Brazil Real Drops as Commodities, China Turmoil Spark Selloff

  • S&P GSCI Commodity Index falls to lowest since July 2004
  • Members of Brazilian government said to urge Selic rate cuts

The real dropped as China weakened the yuan reference rate for an eighth straight day, fueling concern that the slowdown in Brazil’s top export market is deeper than official data suggest and dimming prospects for trade.

The move spurred a selloff in Chinese equities and forced a trading halt for the second time this week. China is the biggest buyer of the commodities many developing nations rely on to fuel growth, and Brazil is its second-largest supplier of goods from developing nations. The S&P GSCI Index of raw materials declined 0.9 percent to an 11-year low. The real dropped 0.4 percent to 4.0444 per dollar in Sao Paulo.

The pessimism surrounding China is adding to bearish views on Brazil, where credit-rating downgrades, the worst economic contraction in a century and a worsening fiscal outlook helped push the real down 33 percent last year, the most among major currencies. Efforts to bolster growth and shore up government finances have been hindered by political gridlock amid efforts by some lawmakers to impeach President Dilma Rousseff.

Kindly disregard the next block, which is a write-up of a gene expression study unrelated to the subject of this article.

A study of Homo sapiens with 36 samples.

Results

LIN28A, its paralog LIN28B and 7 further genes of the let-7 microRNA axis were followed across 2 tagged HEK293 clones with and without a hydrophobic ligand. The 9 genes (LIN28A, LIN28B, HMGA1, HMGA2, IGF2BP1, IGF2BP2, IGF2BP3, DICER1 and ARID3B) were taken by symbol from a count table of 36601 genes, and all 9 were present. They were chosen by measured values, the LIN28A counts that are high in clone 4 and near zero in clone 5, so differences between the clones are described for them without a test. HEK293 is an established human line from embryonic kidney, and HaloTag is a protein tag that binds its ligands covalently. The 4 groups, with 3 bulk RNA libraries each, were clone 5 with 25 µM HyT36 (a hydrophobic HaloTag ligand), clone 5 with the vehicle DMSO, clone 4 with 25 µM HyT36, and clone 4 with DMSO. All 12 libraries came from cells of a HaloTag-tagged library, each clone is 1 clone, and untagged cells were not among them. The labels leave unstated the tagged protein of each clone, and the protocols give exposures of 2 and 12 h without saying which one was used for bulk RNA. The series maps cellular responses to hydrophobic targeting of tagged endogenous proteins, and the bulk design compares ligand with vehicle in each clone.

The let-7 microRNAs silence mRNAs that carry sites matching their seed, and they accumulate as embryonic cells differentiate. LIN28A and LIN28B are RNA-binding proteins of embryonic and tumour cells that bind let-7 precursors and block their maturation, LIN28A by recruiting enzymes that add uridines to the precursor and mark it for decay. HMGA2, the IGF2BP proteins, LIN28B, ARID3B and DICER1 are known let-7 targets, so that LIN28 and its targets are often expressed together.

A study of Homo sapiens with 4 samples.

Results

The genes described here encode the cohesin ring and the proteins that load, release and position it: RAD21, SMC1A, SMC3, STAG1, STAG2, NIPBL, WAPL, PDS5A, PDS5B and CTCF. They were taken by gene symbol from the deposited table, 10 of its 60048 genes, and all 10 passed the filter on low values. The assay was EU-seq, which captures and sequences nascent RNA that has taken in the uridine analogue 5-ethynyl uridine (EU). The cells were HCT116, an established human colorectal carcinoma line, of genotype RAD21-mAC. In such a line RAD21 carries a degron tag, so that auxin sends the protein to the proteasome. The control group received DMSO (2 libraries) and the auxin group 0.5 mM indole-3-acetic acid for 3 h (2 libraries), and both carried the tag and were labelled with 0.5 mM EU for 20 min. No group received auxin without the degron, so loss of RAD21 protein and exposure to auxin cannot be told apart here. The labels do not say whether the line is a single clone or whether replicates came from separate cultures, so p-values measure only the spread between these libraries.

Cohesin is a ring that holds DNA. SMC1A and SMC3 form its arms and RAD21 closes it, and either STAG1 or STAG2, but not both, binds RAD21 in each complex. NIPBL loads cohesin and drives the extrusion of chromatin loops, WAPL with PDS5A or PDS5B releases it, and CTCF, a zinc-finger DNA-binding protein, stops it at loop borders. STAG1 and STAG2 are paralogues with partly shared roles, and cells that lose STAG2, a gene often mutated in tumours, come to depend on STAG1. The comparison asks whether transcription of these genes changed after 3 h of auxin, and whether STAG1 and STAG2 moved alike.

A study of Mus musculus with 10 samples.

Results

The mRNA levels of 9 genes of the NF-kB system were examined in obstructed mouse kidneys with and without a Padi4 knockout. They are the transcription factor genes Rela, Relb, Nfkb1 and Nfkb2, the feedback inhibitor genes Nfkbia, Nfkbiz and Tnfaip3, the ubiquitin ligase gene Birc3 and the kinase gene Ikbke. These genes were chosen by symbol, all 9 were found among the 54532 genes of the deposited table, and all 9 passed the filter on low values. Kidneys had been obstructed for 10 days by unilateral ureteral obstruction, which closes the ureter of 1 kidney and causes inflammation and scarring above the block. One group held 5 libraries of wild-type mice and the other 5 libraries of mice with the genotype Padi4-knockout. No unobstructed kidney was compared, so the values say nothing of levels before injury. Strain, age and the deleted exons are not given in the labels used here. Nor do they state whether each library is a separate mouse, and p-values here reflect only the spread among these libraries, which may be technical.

"Emerging-market currencies with weaker fundamentals and political uncertainty, such as the real, had the weakest start to the year," said Georgette Boele, an Amsterdam-based analyst at ABN Amro Bank NV.

The real briefly pared losses after China’s securities regulator suspended a new stock circuit-breaker, signaling that the country’s leadership may reconsider or change the system.

In Brazil, industrial production fell more than all analyst forecasts in November, indicating the Latin American nation’s worst recession in decades may have deepened even further in the fourth quarter.

Industrial output declined 12.4 percent in November from a year earlier, the most since 2009. Production slid 2.4 percent from the previous month after a revised 0.6 percent decline in October, the national statistics agency said Thursday.

Investors expect Brazil’s central bank to raise the benchmark Selic rate by as much as 50 basis points when it meets this month. Meanwhile, some members of the government are said to be pushing the central bank to signal a rate cut, according to a report in Folha de S. Paulo newspaper. These members say a rate increase would undermine measures developed by Finance Minister Nelson Barbosa to boost credit and restore economic growth, Folha reported, citing an unidentified government official.

The median estimate of 26 economists surveyed by Bloomberg is that inflation accelerated to 10.79 percent in December, the fastest in 12 years. The IBGE institute will release IPCA inflation figures Friday at 9 a.m. local time.

Swap rates on the contract maturing in January 2017, a gauge of expectations on interest-rate moves, rose 0.02 percentage point to 15.54 percent.